What is Mockingbird?



The Mockingbird Family Model


Key Roles

  • Hub home carer
  • Liaison worker
  • Satellite carers

Key elements of the model

  • Foster carer led advice, guidance and emotional and social peer support
  • Planned and emergency sleepovers
  • Formal and informal training and development opportunities
  • Whole community social activities
  • Support to permanence – birth family, long term placement, adoption, independence
  • Support with sibling and birth family contact

What is Mockingbird?

The Fostering Network’s Mockingbird programme is an innovative method of delivering foster care using the Mockingbird Family Model. This is an extended family model that provides respite care, peer support, regular joint planning and training, and social activities. The programme improves the stability of fostering placements and strengthens the relationships between carers, children and young people, fostering services and birth families.

Mockingbird’s underpinning principles

  • active child protection
  • birth family viewed as partners and future support
  • community-based care
  • continuity of care
  • cultural relevancy, identity and belonging
  • foster carer support
  • normalisation of care
  • unconditional care

Mockingbird’s impact

  • Improved placement stability – reduced placement breakdown
  • A network of strong and authentic relationships able to replicate the support offered by an extended family
  • Improved experience of peer support
  • Improved sibling contact
  • Improved process and experience of respite care
  • Improved skills, confidence and role satisfaction for foster carers
  • Improved levels of carer retention and recruitment
  • A strong, robust and resilient structure able to support children, young people and fostering families through times of crisis and transition.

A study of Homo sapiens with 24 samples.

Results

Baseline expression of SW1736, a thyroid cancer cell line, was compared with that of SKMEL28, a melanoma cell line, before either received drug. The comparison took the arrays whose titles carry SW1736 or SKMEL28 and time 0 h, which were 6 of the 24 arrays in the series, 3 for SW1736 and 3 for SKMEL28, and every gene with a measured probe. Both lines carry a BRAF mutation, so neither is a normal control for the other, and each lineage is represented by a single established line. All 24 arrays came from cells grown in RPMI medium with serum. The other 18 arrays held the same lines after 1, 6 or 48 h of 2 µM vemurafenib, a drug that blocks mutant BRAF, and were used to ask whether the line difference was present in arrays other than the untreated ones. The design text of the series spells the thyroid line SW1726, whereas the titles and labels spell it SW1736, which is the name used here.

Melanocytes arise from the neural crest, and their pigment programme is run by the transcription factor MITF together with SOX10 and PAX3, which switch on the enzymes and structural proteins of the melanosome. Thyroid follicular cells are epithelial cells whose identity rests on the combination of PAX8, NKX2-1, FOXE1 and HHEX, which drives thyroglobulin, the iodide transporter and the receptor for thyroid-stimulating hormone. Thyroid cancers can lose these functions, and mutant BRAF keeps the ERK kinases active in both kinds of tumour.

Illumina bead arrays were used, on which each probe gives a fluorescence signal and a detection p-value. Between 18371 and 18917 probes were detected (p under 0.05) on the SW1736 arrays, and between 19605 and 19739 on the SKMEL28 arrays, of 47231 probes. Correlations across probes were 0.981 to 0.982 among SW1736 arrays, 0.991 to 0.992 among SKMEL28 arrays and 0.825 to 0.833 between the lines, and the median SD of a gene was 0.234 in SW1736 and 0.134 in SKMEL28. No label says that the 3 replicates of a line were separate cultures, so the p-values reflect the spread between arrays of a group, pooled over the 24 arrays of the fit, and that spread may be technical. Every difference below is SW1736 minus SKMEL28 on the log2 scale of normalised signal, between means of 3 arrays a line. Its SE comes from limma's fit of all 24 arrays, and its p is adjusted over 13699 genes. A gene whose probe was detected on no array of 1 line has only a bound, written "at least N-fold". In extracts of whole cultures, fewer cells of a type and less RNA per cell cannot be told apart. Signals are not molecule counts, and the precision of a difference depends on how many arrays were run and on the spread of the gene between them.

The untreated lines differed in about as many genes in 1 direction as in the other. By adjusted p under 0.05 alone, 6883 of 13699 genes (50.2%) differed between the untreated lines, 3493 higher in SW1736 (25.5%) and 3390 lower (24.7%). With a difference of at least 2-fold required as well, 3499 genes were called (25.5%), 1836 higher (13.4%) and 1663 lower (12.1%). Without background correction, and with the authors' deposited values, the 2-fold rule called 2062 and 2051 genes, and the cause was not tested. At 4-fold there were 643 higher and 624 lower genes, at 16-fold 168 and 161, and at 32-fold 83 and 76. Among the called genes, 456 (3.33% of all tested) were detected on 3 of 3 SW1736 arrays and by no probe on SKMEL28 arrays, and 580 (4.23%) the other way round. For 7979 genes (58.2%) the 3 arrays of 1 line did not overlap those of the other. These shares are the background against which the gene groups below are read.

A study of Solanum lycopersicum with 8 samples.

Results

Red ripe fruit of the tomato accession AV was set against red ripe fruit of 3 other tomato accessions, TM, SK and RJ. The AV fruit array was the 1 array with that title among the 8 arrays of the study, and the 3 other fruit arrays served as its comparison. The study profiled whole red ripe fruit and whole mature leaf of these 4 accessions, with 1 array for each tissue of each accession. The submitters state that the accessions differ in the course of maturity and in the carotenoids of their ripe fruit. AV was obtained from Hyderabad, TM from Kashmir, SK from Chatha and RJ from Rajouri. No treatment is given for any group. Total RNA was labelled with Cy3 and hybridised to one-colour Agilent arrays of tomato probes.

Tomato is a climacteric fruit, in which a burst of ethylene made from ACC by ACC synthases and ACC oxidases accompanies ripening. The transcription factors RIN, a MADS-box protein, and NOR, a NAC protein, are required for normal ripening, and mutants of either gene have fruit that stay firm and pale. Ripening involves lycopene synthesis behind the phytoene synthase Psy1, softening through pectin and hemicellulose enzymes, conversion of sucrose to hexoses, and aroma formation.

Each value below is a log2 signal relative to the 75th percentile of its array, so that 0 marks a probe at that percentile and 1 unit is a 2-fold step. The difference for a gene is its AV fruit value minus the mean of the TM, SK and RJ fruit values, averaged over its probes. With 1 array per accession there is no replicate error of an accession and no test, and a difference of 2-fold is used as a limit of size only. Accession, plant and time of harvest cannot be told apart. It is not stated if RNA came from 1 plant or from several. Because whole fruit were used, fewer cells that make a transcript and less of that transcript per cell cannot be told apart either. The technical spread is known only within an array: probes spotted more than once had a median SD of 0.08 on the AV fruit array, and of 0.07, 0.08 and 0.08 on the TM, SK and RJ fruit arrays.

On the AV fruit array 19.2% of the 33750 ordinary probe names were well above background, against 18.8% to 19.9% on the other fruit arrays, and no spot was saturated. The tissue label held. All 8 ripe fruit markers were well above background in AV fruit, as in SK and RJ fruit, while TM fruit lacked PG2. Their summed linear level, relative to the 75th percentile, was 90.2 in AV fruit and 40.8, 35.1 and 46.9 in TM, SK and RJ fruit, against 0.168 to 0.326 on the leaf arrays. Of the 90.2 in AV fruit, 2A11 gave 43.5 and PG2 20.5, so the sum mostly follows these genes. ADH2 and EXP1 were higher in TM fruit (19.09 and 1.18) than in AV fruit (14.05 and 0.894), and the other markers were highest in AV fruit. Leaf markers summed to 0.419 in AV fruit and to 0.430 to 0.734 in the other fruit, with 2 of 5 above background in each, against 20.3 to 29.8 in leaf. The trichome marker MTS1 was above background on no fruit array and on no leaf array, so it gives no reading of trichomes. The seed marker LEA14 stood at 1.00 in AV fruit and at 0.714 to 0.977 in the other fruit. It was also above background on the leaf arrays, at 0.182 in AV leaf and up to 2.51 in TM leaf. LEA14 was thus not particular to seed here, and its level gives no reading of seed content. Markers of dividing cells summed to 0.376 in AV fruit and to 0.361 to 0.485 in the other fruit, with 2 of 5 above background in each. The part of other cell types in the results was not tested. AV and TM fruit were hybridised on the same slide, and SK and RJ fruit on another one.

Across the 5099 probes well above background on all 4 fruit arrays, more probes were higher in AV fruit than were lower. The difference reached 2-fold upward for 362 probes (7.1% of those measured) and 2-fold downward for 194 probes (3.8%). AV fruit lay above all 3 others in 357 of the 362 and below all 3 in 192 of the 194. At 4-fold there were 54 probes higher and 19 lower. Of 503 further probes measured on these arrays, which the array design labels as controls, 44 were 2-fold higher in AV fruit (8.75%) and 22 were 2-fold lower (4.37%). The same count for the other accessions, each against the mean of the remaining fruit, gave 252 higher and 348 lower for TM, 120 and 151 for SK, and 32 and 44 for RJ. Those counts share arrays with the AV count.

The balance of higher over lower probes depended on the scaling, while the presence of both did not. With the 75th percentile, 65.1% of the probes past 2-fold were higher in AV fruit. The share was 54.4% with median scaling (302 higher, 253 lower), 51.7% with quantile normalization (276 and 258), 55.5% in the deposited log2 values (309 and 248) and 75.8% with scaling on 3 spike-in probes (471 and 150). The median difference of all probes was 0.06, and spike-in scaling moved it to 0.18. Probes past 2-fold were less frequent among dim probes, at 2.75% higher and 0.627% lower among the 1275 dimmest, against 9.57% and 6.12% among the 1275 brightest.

• Improved experience of birth family contact
  • Costs saved and costs avoided.

Mockingbird fidelity

Mockingbird is an evidence-based model supported by clear fidelity criteria. Key components of the Mockingbird fidelity checklist include:

  • 6-10 satellite homes in a constellation
  • Each constellation provides care to 6-18 looked after children and young people and constellation members (both adults and young people) should be diverse in terms of age, experience, strengths and needs.
  • Constellation supported to build a micro community based on an extended family concept.
  • Hub home is geographically close to the satellite homes
  • Hub home has two spare Mockingbird beds available for sleepovers by the constellation
  • Hub home carer is available nearly 24/7
  • Hub home carer hosts monthly constellation meetings and provides planned and spontaneous opportunities for social events and interactions between the hub home and the satellite families
  • The ‘Mockingbird liaison worker’ role is a key support for hub home carer to prevent burnout
  • Collaborative working – the service must support the hub home carer and members of the constellation to problem solve (e.g. deciding when to offer crisis respite, delegation of authority, etc.)